Spain's Most Wanted Terrorist Caught


Spain's most wanted terrorist was arrested early Monday morning in southern France. French police raided an apartment in the Pyrenees town of Cauterets and captured Garikoitz Aspiazu, the military leader of the Basque separatist terror group ETA, who goes by the nom-de-guerre 'Txeroki.' The arrest comes, evocatively, at a time when rumors are running high of a breach between hardliners and moderates within ETA's political sphere.

"If this had happened in the 1980s, when ETA was stronger, it would have been an important arrest, but not a crucial one," says sociologist Ignacio Sánchez-Cuenca, ETA expert at the Juan March Institute, a Madrid-based think tank. "But there have been a lot of important arrests recently, which means that whoever replaces Txeroki won't have much experience, and that, in turn, will make them even weaker." (See Pictures of the Week.)

Beyond being yet another sign of the group's much-heralded decline, however, the arrest also could also work to the advantage of those nationalists seeking to break with ETA's violent tactics. Txeroki was the hardest of hardliners. Thirty-five years old, he moved across the border to France in 2002, and rose quickly through ETA's hierarchy. He is believed to have ordered the December 2006 bombing of a car park at Madrid's Barajas airport, which killed two people and put a definite end to the ceasefire the group had declared earlier that year. Other ETA members now in police custody have testified that he personally pulled the trigger on two Spanish Civil Guards assassinated in the French Atlantic seaboard village of Capbreton in January 2008.

Yet from the beginning of his leadership, there were signs that Txeroki did not command the undissenting loyalty of his entire circle. Even the fellow hardliner, Francisco Javier Peña (alias Thierry) who represented ETA in its peace talks with the Spanish government, reportedly angered Txeroki by cutting funding to the military wing in an effort to prevent an attack prior to the start of negotiations. Arrested himself May, Thierry is also believed to have opposed the Barajas bombing on strategic grounds.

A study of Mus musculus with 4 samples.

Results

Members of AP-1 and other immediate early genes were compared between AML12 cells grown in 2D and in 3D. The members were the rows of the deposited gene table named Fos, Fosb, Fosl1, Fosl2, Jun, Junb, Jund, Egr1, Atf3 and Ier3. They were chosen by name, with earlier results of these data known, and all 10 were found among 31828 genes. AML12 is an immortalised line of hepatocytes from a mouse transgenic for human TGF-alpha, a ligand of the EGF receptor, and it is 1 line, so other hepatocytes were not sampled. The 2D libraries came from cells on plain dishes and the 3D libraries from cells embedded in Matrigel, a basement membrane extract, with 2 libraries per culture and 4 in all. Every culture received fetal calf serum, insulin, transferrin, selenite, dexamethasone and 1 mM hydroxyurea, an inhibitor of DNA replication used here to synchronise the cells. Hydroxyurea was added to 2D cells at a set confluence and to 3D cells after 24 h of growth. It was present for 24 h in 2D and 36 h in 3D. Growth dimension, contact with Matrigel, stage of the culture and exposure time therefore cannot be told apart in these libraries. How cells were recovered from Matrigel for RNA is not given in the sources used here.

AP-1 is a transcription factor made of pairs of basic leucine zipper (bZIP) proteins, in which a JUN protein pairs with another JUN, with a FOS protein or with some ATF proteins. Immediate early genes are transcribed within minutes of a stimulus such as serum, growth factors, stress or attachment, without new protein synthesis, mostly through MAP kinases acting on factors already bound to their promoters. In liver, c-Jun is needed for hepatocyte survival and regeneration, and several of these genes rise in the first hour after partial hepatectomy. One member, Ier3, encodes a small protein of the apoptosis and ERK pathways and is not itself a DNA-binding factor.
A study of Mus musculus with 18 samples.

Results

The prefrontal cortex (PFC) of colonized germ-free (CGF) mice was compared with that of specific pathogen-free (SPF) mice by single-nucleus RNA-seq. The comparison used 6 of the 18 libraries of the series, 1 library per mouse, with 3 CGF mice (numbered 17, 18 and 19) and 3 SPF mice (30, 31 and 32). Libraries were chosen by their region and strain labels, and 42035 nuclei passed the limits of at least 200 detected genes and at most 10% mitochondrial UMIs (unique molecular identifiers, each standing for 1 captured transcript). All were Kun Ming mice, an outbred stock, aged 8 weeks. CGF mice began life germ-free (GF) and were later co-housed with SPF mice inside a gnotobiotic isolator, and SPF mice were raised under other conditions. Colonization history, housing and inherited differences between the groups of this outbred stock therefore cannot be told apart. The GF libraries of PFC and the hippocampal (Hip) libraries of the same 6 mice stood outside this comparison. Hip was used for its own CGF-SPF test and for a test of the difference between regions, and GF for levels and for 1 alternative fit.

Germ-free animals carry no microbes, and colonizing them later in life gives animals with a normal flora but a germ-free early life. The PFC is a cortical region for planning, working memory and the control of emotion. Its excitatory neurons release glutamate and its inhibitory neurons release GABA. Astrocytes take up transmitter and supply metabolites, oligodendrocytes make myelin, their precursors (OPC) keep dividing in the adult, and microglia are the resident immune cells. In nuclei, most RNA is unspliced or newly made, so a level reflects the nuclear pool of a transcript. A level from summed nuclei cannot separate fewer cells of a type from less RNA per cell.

This is not to suggest that there are pacifists lurking within ETA's midst. "The difference between Txeroki and Thierry could be that while the former believes in killing all the time, the latter only wants to do it on Mondays, Wednesdays, and Fridays," an anonymous source within the national police told El País newspaper.

But with one more violent leader behind bars, those pro-independence supporters who might consider politics rather than terror the better tactical option have a little more room to maneuver. "In the sense that these were the hardest of hardliners, " says Sánchez-Cuenca, "the absence of Txeroki and Thierry could work to the favor of those who want to work within the political system."

Certainly there is political momentum among the leftist advocates of Basque independence known as the izquierda abertzale. Although Batasuna, the now illegal party affiliated with ETA, won't be running in March 2009 regional elections, its supporters have a new option. Earlier this month, the left-leaning nationalist political party Eusko Alkartasuna (EA) which had previously belonged to a coalition with the ruling Basque Nationalist Party, announced that it would run on its own. Having already received the support of a former secretary of the Batasuna-linked trade union LAB, ETA could well draw votes from radicals that might otherwise have been disposed to abstain at ETA's urging. (See pictures of the recent U.S. election.)

In the meantime, the newly headless group will likely only grow weaker. "More and more, the structure of ETA is eroding," says Sánchez-Cuenca. "It's not clear anymore who is making the decisions." Thus there is cautious hope that Europe's last anachronistic terrorist grouping, which has more than 800 deaths to answer for over the last forty years, may finally be heading towards the obsolescence of Northern Ireland's IRA, Germany's Red Army Faction and Italy's Red Brigades. But such hopes have been cruelly dashed before.